The General Data Privacy Regulation is a set of EU rules that changes how UK businesses handle customers’ personal information and other data. If you don’t manage and protect this information properly, you could be fined millions.
The GDPR will affect how companies get consent to collect information, how that information is used and organised and how it’s stored and destroyed. Failure to stick to GDPR rules could see firms fined up to £18 million. GDPR comes into force on May 25 2018.
To get you started on your GDPR journey, here are some suggestions for first-steps. This topic is so important, that you may want to seek professional legal and technical advice.
Get high-security shredders
Businesses should shred documents by default. This also applies to any handwritten pages or even Post-its. If you’re on the phone to a customer and taking notes, those notes might contain identifying information – perhaps an address or phone number. They have to be disposed of properly.
A few years ago an EU-standard of shredding was introduced. Called DIN 66399, it classified shredder security according to a ‘P’ rating from 1 – 7. The smaller the shredded pieces, the higher the rating.
A P-1 shredder would be a standard strip-style model. This is fine for non-confidential documents. The shreds mean that the average person wouldn’t be able to decipher what was originally on the paper. However, a really determined criminal could reassemble those strips in order to read the document.
For customer and confidential documents, you should use a P-3 confetti-cut shredder at the very least. As the name implies, you’ll end up with paper cut into small confetti shapes. Much harder to piece together and thus more secure.
But what if your office deals in really sensitive information? You’ll need a P-5 level shredder or above. This level of security is normally associated with destroying documents related to espionage and high-level government secrets.
Lock away physical files
A lot of discussion over GDPR has been about online security. Making sure your computers are running anti-virus software, that company phones can be wiped remotely and any files stored online are password protected and encrypted.
But physical security is also important. If you keep confidential information in paper form, make sure it’s protected. In the event of a breach, you want to show GDPR investigators that you took the matter seriously.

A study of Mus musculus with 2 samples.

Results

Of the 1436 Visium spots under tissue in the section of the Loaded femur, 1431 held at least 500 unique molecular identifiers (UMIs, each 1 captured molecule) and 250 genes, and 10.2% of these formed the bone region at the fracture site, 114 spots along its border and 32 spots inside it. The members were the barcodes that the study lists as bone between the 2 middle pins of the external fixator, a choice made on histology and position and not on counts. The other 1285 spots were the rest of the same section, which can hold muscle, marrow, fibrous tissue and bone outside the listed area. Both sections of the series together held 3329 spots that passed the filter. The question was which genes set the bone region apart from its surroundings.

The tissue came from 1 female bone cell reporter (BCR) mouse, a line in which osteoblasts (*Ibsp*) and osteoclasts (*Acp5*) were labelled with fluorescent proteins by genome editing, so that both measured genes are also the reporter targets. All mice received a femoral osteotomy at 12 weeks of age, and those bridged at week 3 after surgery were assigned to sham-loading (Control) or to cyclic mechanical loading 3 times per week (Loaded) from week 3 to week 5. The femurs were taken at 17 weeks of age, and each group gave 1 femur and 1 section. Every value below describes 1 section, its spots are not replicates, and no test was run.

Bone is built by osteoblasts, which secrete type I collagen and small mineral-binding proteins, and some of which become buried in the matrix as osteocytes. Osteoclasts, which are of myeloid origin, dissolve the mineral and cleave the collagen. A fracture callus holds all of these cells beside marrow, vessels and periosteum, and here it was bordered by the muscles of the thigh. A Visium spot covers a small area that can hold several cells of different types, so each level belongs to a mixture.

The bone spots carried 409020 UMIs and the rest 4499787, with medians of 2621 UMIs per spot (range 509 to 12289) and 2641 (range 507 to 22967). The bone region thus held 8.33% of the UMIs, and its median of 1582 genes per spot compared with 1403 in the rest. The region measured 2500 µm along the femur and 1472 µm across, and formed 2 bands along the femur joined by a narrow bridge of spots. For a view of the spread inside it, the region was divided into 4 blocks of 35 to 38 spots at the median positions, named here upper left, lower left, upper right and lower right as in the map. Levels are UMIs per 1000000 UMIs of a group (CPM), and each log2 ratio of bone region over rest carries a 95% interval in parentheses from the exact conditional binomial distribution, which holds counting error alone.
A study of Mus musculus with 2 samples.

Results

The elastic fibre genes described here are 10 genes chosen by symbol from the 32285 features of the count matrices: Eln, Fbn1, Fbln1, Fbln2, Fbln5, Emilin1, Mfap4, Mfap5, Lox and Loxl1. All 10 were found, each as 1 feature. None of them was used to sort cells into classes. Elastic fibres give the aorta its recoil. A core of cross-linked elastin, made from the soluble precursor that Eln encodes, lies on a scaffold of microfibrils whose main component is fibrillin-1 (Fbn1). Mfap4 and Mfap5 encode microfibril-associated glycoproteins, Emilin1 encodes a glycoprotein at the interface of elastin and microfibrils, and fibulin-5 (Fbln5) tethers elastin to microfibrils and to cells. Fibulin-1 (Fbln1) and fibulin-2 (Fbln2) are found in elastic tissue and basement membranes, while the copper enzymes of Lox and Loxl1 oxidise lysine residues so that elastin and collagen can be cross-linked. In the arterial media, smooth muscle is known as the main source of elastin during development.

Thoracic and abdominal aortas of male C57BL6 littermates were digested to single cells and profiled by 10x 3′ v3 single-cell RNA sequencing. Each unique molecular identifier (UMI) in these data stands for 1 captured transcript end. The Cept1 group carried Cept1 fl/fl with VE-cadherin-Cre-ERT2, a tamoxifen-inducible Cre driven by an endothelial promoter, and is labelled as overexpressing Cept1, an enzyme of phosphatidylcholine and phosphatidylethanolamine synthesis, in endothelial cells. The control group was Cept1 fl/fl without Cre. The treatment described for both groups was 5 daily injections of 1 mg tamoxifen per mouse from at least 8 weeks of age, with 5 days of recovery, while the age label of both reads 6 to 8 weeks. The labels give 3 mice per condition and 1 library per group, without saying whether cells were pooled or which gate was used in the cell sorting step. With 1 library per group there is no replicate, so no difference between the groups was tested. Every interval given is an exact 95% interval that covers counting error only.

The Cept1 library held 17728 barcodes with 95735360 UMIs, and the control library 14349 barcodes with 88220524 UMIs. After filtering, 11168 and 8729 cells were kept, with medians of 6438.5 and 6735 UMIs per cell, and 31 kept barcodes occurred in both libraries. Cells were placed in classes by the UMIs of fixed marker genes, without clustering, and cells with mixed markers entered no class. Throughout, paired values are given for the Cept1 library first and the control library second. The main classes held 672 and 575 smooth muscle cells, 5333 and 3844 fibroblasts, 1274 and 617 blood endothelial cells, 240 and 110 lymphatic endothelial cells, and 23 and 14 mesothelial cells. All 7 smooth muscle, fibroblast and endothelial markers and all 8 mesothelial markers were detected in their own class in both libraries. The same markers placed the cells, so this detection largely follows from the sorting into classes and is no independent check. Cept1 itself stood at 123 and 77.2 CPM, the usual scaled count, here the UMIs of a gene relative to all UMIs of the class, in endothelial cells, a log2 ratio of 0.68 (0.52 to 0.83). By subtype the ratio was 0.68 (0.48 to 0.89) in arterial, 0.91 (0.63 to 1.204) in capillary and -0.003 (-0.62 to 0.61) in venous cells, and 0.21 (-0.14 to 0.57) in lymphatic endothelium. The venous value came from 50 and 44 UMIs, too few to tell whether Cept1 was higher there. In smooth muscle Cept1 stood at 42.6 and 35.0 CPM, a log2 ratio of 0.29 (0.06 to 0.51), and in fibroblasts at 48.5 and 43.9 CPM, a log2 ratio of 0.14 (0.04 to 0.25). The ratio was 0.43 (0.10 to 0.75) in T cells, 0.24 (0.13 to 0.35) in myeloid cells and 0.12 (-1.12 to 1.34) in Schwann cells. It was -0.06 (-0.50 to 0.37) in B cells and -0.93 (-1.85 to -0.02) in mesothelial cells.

Lock all important documents in filing cabinets. For extra security, those cabinets could be in a separate room with a locking door. We recommend using a digital door lock that uses entry codes instead of keys – so they can’t be lost.
Keep a log of who has the codes or keys to the room. Neither should be shared or passed around without permission. If a document goes missing from a cabinet, you won’t have to speak to everyone in the company to figure out who lost it and to start tracking it down.
Use high-security digital storage
If you have to go on the road and can’t access files securely online, you may decide to use a USB stick or external HDD. Unfortunately, it’s easy for USB sticks and drives to be left in meetings, forgotten on trains or even taken out of pockets and bags.
That’s why all company files should be carried on password-protected storage. Even if someone manages to guess your login password, the files on the drive should also be password protected. Two layers of security.
If you have absolutely no option but to carry customer data on a USB stick, minimise the chance of a data breach by using a crypto drive.
These are USB sticks specifically designed to guard against theft, with features such as erasing files automatically after several failed login attempts and encrypting data when the stick is removed from a device.
When you get your USB sticks and external drives, label them per department and/or staff member. You want to be able to track who has the sticks and to sign the storage into and out of the office.
Secure your laptops and destroy old hardware
If your business has visitors, you need privacy filters for monitors in the office. These will stop passersby from reading anything on the screens – especially useful in receptions and shipping and packing areas, where names and addresses might be on display.
If your company uses laptops, use cable locks to secure them to desks overnight and when staff take them on the road. If you’re unfortunate enough to suffer a break in, it will be harder for thieves to take the computers and get your data.
If you are replacing your computers or upgrading components, you will need a plan for disposing of your hard drives and storage – that’s because wiping a hard drive doesn’t truly erase the information on it.
With the right software, someone will take that old computer and recover the files you thought you’d destroyed. Remove hard drives and keep them locked up (in the secure data room) or find a firm that offers hard drive destruction services.
Photocopiers, scanners and printers also have onboard storage – and they may keep images of all documents printed or scanned. This is another way that data thieves have breached company security.
Check with the manufacturer to see what steps you need to take before selling or disposing of a printer.
Remember that these are just tips and pointers. Your company’s compliance with GDPR will have to fit your firm’s particular needs, whether you’re a tiny SME or a major player. Your aim isn’t just to be compliant with GDPR, but to exceed its requirements.
That’s the best way to avoid an £18 million fine.